France's prime minister on Thursday May 16th defended the interrogation by the secret service of three reporters who published details over French arms sales to the Gulf, after an outcry by press freedom activists.
According to AFP, this week two reporters from the investigative news site Disclose and one correspondent with Radio France were interrogated by the General Directorate for Internal Security (DGSI), France's domestic intelligence organisation.
The reason for their interrogation is all because they worked on a Disclose story based on a leaked military intelligence dossier, which showed how French tanks, artillery, and ships sold to France's allies Saudi Arabia and the United Arab Emirates were being used in the war in Yemen.
On Tuesday, Geoffrey Livolsi and Mathias Destal of Disclose were questioned and Radio France's Benoit Collombat was quizzed the day after. Livolsi and Destal subsequently denounced their questioning as an "attempt at intimidation".
However, Prime Minister Edouard Philippe said while he respected the journalists' right to report, there were also matters which should remain confidential.
"Firstly, I don't think that it intimidates them and secondly it is not done to intimidate them," he told Franceinfo radio.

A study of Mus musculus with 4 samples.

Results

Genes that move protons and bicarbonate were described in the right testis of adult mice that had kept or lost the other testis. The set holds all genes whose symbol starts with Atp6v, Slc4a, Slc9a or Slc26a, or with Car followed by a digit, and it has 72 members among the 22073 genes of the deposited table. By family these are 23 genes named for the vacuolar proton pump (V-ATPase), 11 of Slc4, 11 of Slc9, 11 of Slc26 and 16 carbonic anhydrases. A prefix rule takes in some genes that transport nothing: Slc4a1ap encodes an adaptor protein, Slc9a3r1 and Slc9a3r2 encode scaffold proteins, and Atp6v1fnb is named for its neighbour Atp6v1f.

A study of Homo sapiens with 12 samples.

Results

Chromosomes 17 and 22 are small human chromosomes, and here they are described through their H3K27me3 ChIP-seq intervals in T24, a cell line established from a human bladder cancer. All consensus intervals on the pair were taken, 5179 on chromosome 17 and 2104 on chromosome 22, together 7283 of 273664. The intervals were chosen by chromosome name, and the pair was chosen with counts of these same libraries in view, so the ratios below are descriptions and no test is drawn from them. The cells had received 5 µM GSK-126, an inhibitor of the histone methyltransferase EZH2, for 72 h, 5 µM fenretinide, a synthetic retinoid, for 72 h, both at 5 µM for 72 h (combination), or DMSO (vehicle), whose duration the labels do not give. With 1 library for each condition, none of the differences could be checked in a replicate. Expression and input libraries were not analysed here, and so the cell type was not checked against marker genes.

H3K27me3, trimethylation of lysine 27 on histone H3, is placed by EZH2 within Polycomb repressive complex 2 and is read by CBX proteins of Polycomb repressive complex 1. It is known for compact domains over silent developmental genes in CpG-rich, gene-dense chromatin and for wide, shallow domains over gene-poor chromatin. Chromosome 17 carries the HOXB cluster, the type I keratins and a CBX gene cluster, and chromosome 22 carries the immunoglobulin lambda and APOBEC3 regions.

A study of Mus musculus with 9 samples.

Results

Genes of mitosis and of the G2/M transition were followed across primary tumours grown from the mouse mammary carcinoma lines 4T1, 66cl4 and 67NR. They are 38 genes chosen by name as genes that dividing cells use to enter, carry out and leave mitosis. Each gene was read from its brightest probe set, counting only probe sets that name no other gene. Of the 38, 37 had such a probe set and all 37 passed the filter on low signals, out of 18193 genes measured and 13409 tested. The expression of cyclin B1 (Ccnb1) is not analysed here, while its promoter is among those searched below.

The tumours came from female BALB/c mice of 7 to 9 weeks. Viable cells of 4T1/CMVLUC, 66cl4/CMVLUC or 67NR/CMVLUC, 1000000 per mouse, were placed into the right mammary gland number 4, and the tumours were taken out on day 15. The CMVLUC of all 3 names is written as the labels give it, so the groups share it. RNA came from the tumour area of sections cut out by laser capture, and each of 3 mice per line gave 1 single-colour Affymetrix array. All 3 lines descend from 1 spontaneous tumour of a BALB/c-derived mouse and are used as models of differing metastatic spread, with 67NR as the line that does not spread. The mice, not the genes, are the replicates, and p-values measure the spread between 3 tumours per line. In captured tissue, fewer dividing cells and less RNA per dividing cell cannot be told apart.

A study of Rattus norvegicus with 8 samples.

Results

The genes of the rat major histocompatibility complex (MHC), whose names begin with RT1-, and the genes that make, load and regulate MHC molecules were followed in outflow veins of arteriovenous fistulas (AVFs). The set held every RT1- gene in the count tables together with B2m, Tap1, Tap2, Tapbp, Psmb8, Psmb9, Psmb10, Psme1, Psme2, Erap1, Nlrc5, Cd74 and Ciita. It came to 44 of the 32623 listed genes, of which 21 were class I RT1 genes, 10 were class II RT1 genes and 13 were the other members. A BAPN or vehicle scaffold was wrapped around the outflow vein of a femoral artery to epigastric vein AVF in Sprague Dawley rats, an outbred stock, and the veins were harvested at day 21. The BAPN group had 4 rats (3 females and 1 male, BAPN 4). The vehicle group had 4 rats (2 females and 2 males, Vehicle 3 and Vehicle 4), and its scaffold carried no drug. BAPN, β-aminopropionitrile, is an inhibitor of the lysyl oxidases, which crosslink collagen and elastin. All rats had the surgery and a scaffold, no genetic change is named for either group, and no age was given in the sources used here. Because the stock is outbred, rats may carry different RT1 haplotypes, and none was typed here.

He described as "very respectable...the desire of journalists to look for information and present it to their readers and their listeners."
"But from where I stand, with the responsibilities that I have, as prime minister, I must also respect law and notably the provisions related to confidentiality," he added.
There has recently been huge controversy in France over whether French arms have been used against civilians in Yemen, something the government in Paris always denies. However, the arrival of a Saudi ship earlier this month off the French port of Le Havre provoked a new outcry and the vessel never docked.
Relief agencies say the Yemen conflict, which has lasted more than four years, has killed tens of thousands, including many civilians.